If you’re a graphic designer and considering a career change into software development, you may already have a lot of skills that will come in handy – maybe some you’re not even aware of!

 

I have transitioned from graphic designer to software engineer and would like to share my experience with you, along with some of the surprising ways my visual communication skills have helped me in my new career.

photo with keyboard, computer and adobe suite

First a little about me. Four years ago I was finishing up university and working some of my first gigs as a graphic designer. Sitting and staring at the screen for long hours processing photos and pushing pixels around, I found myself listening to podcasts and YouTube videos about learning to code. I’d already had some exposure to HTML and CSS in the web design section of our courses, and when I got the opportunity to design websites for a client and work closely with a web developer, my interest peaked. How did this all work? What was really going on behind those components I’d designed?

 

"If I could design it, why not build it too?"

 

I looked around at the opportunities for designers around me. As print media waned and industry-scale digitisation surged ahead, more and more designers were taking on roles in UX and UI design. This was interesting, but what about those attractive salaries and the seemingly endless opportunities for developers… ? It was time to learn to code.

 

If you can relate to any of this, I hope that the following will be of some help. Here are some of the skills I developed as a graphic designer that have helped me in my career as a software developer.

1. Creative problem solving

 

Graphic design is all about problem solving, as is software development; identifying problems, understanding them, and coming up with solutions. When faced with a tough technical or design problem, we benefit from the ability to step back and think creatively about the problem. How could this be done differently? How can we think outside the box to reach the best possible solution, even if no one has ever done it that way before?

 

 

2. Understanding the designers on your team

 

As you’ve been in their shoes, you understand and empathize with the designers on your team. You know what makes them tick because you’ve been there, and you understand their work. This is extremely valuable, as you can act as a communication bridge between designers and developers, improving the product and even team productivity.

 

 

3. Empathy 

 

As designers, much of our work revolves around empathizing with end users; our designs must be accessible and understandable to users. In much the same way, as developers we need to think about the other developers who will read our code next. Have we written clean, well-organized code that will be easily maintainable in the future?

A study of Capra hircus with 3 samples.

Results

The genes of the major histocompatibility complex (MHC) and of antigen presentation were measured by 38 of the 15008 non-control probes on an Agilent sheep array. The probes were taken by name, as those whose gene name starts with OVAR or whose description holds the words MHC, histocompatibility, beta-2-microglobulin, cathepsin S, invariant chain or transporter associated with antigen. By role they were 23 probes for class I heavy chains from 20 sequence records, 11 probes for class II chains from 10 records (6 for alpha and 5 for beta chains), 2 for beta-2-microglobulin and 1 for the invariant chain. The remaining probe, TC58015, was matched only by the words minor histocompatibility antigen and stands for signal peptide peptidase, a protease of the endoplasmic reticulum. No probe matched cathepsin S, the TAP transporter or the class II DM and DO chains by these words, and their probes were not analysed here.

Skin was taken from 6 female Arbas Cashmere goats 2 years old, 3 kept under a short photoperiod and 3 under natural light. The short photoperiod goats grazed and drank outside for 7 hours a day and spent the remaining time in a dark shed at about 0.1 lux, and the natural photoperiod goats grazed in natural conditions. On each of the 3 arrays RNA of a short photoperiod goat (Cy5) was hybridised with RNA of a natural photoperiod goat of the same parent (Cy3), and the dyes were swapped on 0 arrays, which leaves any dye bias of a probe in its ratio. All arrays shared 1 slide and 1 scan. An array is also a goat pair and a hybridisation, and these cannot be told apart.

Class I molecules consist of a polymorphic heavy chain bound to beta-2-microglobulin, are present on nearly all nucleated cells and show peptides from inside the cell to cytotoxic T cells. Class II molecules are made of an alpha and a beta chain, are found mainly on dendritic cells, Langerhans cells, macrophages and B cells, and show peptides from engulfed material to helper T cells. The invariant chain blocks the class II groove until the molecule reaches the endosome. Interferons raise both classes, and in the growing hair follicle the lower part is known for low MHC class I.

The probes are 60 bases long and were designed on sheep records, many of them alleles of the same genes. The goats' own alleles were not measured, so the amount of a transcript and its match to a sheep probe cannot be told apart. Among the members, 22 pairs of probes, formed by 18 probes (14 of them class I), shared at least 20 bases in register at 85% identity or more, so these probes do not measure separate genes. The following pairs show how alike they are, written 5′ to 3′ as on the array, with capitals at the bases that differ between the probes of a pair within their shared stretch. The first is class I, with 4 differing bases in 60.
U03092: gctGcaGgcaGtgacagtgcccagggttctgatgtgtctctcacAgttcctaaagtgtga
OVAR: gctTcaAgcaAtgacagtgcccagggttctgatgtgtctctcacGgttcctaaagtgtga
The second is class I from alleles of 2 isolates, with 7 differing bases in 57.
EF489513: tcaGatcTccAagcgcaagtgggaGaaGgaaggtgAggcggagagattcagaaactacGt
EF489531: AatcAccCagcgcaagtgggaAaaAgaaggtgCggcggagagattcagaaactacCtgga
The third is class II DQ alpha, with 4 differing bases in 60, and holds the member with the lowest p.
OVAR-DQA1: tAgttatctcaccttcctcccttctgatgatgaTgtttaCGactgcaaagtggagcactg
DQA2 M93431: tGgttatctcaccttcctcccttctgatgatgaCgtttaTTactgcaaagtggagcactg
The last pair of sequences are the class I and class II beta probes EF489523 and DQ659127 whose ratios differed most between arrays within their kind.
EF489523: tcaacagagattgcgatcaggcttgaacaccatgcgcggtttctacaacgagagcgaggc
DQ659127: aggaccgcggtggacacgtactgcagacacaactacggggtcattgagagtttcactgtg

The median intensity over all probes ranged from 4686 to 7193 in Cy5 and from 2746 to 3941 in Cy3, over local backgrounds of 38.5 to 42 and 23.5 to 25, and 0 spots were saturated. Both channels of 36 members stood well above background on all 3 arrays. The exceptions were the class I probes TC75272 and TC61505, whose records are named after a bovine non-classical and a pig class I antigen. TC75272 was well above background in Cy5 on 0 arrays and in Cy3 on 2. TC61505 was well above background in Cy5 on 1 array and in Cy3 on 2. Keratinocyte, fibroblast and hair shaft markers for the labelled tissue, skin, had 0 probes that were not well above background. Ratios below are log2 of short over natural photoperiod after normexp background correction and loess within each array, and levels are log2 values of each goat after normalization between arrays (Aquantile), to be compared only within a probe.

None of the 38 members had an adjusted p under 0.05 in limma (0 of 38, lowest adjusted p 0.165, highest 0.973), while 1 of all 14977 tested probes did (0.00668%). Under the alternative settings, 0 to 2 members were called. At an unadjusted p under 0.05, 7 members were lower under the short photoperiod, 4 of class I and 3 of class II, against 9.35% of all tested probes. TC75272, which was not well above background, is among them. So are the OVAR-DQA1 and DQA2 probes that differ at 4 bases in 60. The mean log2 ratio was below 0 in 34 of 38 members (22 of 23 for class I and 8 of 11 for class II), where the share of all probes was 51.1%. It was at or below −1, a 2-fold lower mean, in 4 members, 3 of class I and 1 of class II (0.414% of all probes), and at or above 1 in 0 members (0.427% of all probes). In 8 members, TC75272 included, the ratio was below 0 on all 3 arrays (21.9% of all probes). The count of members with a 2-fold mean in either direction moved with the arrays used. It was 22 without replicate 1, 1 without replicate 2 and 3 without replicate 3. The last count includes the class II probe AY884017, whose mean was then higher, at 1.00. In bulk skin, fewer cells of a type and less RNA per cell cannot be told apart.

4. Technical diagrams

 

A diagram is often the starting point to a discussion. Visually explaining a solution or technical proposal can quickly get everyone on the same page, and help the team to reach consensus about the direction of an implementation. It also works as great documentation for later, which will speed up delivery by helping busy devs get swiftly on board with the project’s systems.

 

As a designer, you know that good visual communication is not just about “making things pretty”. You’ll likely have a good sense for what information the particular audience will need, and what can be left out. Your team will appreciate that you make complex technical topics seem easy to understand, and less technical stakeholders will especially appreciate your ability to effectively communicate business value.

example diagram

Image: Example diagram from a current project.

 

 

 

5. Prototyping workflow

 

If you’ve ever created an original logo design or presented a layout concept to a client, you know that the first draft is almost never the final release. It may take several iterations to get the desired result.

 

In agile software development we work in much the same way: analyzing, developing and releasing small pieces of functionality, collecting feedback, and improving from there. 

 

 

6. Continuous learning

 

One of the most valuable skills any of us can have in today’s digital world is the ability to quickly figure out how to do something we’ve never done before.  

 

If you’ve spent any time as a graphic designer, you are likely resourceful in figuring out how to learn a new tool to get the result you want. An orientation towards continuous learning will help you greatly in software development as well.

 

There are of course many differences between these two fields, which I have not covered here. But if you are thinking of making the switch, you may be more prepared than you think.

 

Best of luck!

 

Photo by Emily Bernal on Unsplash

Disclaimer: The statements and opinions expressed in this article are those of the author(s) and do not necessarily reflect the positions of Thoughtworks.